Every year, Americans spend more on lotteries than they do on music, movies, sporting events, and books combined. Despite all the odds, it’s seen by many as a viable form of savings.
As a math teacher, I don’t know how to process that. The expected return is basically zero yet so many of us are still tricked into funding it. The real problem, though, is that the majority of people who frequently participate in the lottery are from the lowest levels of education and socioeconomic status (tend to come from the bottom 20%).
It’s a tax on people who don’t understand probability, and, while, in some cases, that money may be going into public services that improve the lives of people who fund the lottery, it’s fairly easy to imagine how it can end up being a net negative. For instance, lotteries are often partially used to find education, but education investments don’t always have clear social returns and it doesn’t end up clearly improving the lives of lottery participants.
So here’s my proposal.
Take the $73.5 billion spent on lotteries annually — which ends up being about about $1,038 each year per participant — and put it towards different savings vehicles that can actually benefit the people who are participating.
These savings vehicles can vary widely, but the possible outcomes across the board are massive. Take Bill Ackman’s idea for baby bond “investing accounts.” A yearly investment of $26 billion (still only one third of yearly lottery spending) could provide every child in the US a retirement account that is worth $1 million by the time they are 65. Or take Cory Booker’s baby bond plan. It would cost $60 billion a year and would build a nest egg of about $50,000 for low-income children that can be used to support education and homeownership. With some creativity, the lottery can become a source of financial well-being for millions of Americans instead of just being a tax.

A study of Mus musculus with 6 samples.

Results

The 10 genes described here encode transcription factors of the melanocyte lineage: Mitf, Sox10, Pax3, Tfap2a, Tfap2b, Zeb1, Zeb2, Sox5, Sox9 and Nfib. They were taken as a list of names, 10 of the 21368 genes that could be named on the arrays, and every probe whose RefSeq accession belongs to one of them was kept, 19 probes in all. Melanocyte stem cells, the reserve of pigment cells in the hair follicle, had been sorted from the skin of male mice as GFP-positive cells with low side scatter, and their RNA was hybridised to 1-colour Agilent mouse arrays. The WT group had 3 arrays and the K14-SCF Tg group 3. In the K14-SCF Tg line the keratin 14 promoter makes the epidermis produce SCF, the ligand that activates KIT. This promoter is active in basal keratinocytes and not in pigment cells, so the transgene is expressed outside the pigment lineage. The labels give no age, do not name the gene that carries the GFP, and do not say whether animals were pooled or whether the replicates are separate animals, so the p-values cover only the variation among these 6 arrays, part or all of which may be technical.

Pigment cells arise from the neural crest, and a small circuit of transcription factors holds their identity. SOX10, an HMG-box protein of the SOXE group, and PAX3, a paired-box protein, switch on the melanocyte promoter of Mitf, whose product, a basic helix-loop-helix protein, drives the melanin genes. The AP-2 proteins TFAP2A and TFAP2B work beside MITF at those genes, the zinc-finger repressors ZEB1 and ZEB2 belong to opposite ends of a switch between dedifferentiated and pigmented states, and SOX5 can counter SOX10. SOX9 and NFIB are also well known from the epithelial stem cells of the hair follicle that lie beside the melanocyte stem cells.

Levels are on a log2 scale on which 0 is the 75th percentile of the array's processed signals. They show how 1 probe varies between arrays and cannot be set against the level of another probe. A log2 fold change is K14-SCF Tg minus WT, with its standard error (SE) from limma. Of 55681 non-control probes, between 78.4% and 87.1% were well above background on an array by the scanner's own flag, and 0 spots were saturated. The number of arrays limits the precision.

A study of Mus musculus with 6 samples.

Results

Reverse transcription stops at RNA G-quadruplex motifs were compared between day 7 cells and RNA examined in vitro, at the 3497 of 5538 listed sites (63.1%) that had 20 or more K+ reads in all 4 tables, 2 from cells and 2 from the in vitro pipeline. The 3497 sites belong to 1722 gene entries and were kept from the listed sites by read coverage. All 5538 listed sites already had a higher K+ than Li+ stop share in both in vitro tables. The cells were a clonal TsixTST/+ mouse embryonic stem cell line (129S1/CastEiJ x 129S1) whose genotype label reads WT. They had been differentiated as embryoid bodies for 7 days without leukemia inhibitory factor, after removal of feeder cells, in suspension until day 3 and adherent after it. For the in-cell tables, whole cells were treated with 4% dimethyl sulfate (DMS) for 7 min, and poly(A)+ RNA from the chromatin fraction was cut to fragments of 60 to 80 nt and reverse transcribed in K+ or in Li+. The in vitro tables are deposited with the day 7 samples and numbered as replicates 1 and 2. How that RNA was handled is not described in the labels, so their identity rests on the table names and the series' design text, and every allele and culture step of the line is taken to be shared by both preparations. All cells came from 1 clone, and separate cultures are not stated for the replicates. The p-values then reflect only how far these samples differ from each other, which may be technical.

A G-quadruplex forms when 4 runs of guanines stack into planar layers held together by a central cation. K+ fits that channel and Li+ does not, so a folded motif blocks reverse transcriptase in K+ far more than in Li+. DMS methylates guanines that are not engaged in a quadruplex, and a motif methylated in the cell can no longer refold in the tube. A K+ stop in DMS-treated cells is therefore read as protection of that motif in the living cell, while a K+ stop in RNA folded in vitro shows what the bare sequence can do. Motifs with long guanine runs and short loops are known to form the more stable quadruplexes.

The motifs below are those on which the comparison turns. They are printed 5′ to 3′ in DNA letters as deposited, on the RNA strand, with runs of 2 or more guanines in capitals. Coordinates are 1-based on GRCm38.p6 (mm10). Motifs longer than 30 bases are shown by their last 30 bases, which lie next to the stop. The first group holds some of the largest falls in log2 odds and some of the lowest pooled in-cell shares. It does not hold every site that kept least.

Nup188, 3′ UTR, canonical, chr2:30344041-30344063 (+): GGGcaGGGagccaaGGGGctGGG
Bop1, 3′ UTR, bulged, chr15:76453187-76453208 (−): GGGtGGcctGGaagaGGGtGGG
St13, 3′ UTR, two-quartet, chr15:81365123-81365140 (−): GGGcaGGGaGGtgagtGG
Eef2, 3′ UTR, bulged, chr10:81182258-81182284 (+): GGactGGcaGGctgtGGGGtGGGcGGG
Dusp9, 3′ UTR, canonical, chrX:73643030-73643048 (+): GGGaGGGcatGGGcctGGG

It’s notoriously difficult to create noncoercive policies that encourage people to save more money. And on a global level, the United States has an abysmal household savings rate. It’s not baked into our culture to save, and so many of us get stuck in endless cycles of credit debt and financial instability. It’s gotten to the point where 59% of Americans can’t afford an unexpected $500 bill. This has translated into significant retirement savings gaps that will undoubtedly lead to eventual financial trouble.
This can be a positive way to indirectly encourage saving habits without having to deal with extra taxes since each person is participating in the lottery voluntarily. There’s obviously a lot more work to be done on the specific details for how this could be implemented, but I think the idea at the heart of it is worth pursuing.